Learning from Leicester City

I think there are lessons to be drawn from the Leicester City Foxes who recently won the 2015-16 English Premier League. The Foxes were 5,000 to 1 to win on the season’s opening day.

I can’t help but take a little jab at my Edmonton Oilers – a team I have followed since they joined the NHL in 1979 (I was 12 at the time).  In many country professional sports leagues (like the EPL) whole teams can be demoted if they don’t play good enough to remain in the top league.  I suspect if the NHL had that approach (i.e. the Oilers as a team would get demoted to a lower league) you would have far better hockey because teams would be extra vigilant to make sure they put a quality product on the ice.  These days teams like Toronto and Edmonton can languish in obscurity and still turn a nice profit for their owners (in fairness I have no idea if Edmonton has been profitable).

One of New Brunswick’s biggest challenges relates to how a small jurisdiction positions itself in a world that is more open and global than ever before.  Capital, talent and ideas are more mobile than at any time in our history (at least until the Trump Express hits the Whitehouse) and New Brunswick risks being left behind.

Leicester City shows that an innovative approach, a little luck as well as a version of the Tortoise and the Hare story can help elevate underdogs.

I am a little concerned that New Brunswick is too under the radar from a national economy perspective.  If Ontario had our province’s economic performance over the past eight years it would be an international issue.  When Alberta’s economic growth fell to zero (and slightly below), the nation’s media was awash in stories.   When NB has zero growth for seven straight years (on average) no one notices or they shrug their shoulders and say “that’s just New Brunswick”.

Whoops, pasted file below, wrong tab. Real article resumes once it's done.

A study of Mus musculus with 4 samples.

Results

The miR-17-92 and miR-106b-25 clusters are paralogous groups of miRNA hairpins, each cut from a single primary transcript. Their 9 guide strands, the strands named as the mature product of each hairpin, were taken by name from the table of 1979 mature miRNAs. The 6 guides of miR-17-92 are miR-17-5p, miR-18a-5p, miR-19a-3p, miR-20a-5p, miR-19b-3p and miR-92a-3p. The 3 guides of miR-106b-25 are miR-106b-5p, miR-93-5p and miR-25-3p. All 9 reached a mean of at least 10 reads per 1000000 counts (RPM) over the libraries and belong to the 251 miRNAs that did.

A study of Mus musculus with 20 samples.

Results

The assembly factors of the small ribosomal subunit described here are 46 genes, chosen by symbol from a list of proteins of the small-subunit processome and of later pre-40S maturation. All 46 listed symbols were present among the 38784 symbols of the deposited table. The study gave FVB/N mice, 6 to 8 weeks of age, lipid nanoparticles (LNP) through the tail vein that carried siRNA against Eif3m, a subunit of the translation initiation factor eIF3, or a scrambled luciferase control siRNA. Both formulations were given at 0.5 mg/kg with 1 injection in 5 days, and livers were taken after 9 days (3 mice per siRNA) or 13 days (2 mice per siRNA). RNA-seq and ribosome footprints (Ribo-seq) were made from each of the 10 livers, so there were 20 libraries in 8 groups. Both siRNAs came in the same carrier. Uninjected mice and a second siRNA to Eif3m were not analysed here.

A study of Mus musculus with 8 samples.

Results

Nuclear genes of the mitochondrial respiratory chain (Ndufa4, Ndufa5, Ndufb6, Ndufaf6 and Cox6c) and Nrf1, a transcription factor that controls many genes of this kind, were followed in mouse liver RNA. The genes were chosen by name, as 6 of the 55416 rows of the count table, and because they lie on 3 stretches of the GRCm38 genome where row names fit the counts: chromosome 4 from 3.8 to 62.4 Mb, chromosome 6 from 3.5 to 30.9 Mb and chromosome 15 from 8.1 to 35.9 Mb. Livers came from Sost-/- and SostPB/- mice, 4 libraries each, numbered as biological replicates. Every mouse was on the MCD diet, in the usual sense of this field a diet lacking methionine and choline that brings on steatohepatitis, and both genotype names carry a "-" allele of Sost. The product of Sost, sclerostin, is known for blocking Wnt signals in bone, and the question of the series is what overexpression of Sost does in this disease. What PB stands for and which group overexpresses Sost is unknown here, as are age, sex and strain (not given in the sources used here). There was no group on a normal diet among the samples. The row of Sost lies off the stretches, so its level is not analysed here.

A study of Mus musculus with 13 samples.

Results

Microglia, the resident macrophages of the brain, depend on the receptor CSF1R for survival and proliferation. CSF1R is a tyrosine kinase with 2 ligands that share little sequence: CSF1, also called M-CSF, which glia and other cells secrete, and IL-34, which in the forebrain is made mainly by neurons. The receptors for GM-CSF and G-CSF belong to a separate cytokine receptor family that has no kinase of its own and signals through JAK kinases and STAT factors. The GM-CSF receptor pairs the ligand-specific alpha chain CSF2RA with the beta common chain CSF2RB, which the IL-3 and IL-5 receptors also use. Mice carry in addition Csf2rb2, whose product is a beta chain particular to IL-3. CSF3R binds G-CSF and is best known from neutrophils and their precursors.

Why this matters is that we need the federal government to be concerned about NB’s economic trajectory and help where it can – in areas such as immigration, our share of national innovation funding, helping promote NB around the world using its global network of trade and investment officers, etc.

We need to attract national and international investment – like we have in the past – if we are too under the radar that becomes more difficult.

We need to attract a lot of talent in the coming years.  That too requires a focused effort.

The Economist magazine, after several articles extolling the virtues of Leicester City and drawing much broader lessons for the economy – has piece concluding that “underdogs are overrated”.

That too is an illustration of the challenges we face moving forward.